Wednesday, 29 April 2015 00:00

Sibling rivalry

How to help your kids get along

The term sibling refers to children who are related and living in the same family. Sibling rivalry has existed as long as families. Think back to Biblical times and Joseph’s problems with his brothers or of the dreadful time Cinderella had with her stepsisters!

It seems strange that whenever the word sibling comes up, the word rivalry seems sure to follow despite the fact that there are many solid sibling relationships in families (brothers and sisters who like and enjoy one another). However, it is the rivalry that gets attention the proverbial squeaky wheel.

What causes sibling rivalry? Think about it. Siblings don’t choose the family they are born into, don’t choose each other. They may be of different sex, are probably of different age and temperament, and. worst of all, they have to share the one person or the two people they most want for themselves: their parents. Other factors include:
Position in the family, for example, the oldest child may be burdened with responsibilities for the younger children or the younger child spends his life trying to catch up with an older sibling;
Gender, for instance, a son may hate his sister because his father seems more gentle with her. On the other hand, a daughter may wish she could go on the hunting trip with her father and brother;
Age, a five and an eight year old can play some games together but when they become ten and thirteen, they will probably be poles apart.

The most important factor, however, is parental attitude. Parents have been taught that they must be impartial but this can be extremely difficult. It’s inevitable that parents will feel differently about children who have different personalities with differing needs, dispositions. and place in the family. Picture the age-old conflict of the young child whining. “It’s not fair. Why can’t I stay up until nine-thirty like Johnny?” Fairness has nothing to do with it. Susie is younger and needs more sleep. It’s as simple as that, and parents are advised never to give in to the old “it’s not fair” strategy. Besides, when Susie is finally allowed to stay up until nine-thirty, it will seem a real privilege to her.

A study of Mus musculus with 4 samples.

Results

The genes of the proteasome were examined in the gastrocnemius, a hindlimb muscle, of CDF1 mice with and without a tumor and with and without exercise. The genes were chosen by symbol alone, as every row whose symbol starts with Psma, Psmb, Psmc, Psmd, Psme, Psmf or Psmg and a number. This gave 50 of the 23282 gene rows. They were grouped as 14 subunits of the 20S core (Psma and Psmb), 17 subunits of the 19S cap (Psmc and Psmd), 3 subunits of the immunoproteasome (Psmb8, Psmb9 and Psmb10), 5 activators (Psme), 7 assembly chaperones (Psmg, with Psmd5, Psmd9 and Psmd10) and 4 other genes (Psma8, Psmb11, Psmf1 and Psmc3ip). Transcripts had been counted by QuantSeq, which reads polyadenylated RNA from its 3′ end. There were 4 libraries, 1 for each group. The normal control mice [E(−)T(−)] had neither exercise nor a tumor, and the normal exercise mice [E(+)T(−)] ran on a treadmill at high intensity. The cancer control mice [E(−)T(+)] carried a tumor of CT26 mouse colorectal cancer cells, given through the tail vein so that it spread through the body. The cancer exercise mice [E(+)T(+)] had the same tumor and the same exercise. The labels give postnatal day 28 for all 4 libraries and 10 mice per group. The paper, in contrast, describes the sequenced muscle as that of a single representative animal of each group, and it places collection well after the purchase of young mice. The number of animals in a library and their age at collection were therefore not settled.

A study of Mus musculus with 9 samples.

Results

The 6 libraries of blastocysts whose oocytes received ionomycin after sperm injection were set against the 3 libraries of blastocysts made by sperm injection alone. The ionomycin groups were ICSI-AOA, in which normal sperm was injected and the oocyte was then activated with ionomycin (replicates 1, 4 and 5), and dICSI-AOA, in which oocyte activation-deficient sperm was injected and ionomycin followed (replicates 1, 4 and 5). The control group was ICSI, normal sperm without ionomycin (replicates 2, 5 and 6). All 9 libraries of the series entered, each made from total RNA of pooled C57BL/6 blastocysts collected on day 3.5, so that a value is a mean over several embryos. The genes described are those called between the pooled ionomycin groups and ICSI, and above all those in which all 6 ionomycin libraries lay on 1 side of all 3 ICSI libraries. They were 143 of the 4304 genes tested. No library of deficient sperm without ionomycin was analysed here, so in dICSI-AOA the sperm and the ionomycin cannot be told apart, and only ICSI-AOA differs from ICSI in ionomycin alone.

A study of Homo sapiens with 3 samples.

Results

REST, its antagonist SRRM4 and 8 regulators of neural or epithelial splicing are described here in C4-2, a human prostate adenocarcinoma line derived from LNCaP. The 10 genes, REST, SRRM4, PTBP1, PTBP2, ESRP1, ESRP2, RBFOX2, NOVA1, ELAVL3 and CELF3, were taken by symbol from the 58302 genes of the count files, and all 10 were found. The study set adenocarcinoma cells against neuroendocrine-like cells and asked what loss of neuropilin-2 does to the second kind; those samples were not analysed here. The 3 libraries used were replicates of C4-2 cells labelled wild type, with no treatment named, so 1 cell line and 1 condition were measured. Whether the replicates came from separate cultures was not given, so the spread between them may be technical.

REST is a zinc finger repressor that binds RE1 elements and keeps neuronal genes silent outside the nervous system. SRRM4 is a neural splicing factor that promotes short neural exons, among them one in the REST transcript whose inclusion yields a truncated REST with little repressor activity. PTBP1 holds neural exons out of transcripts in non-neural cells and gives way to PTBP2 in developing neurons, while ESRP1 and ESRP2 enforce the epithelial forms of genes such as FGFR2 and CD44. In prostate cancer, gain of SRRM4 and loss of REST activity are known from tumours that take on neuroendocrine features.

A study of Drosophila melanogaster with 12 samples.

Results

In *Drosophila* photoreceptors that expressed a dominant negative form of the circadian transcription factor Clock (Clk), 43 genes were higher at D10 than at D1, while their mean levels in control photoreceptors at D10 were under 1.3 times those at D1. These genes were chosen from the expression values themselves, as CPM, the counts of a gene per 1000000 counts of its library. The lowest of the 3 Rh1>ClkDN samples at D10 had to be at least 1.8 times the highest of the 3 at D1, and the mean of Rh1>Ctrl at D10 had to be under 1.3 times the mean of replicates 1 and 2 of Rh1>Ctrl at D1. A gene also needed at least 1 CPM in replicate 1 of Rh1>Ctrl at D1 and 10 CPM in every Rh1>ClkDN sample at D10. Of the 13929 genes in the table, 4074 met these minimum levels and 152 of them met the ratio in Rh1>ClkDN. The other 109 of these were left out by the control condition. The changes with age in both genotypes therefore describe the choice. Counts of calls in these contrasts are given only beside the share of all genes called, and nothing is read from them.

Wednesday, 08 April 2015 00:00

How do you feel about living in a Gated Community?

Pros and Cons of Gated Communities

When you think of a gated community, what comes to mind? Probably things like safety, security, exclusivity, expensive homes, and more. But what else lies behind those gates?

Choosing to live in a gated community is a personal preference, ere are a few points to consider before coming down on either side of the fence.

Benefits of Living in a Gated Community

The following are some of the most common benefits that people who enjoy living in gated communities will cite:

Sense of security. The comings and goings of the neighborhood are monitored which tends to make people feel safer about living in a gated community than they would in a typical neighborhood. These areas tend to have low crime rates which confirms the feeling that these are safe neighborhoods.

Privacy of the neighborhood. This monitoring of activity does more than create a sense of safety; it creates a feeling that this is a private neighborhood where you can conduct your daily business without a lot of interference from the outside world.

Quiet atmosphere and general beauty of the area. The gated community tends to be quiet and peaceful with a beautiful appearance. Landscaping is maintained and noise is controlled so it’s possible to feel really at peace even when living in and around large urban areas.

Traffic Free. Traffic and speeding cars are also reduced behind the gates, making it quieter and safer for children to play and ride bicycles within these neighborhoods. You likely won’t have the morning commute using your street as a shortcut either, as much as they may want to.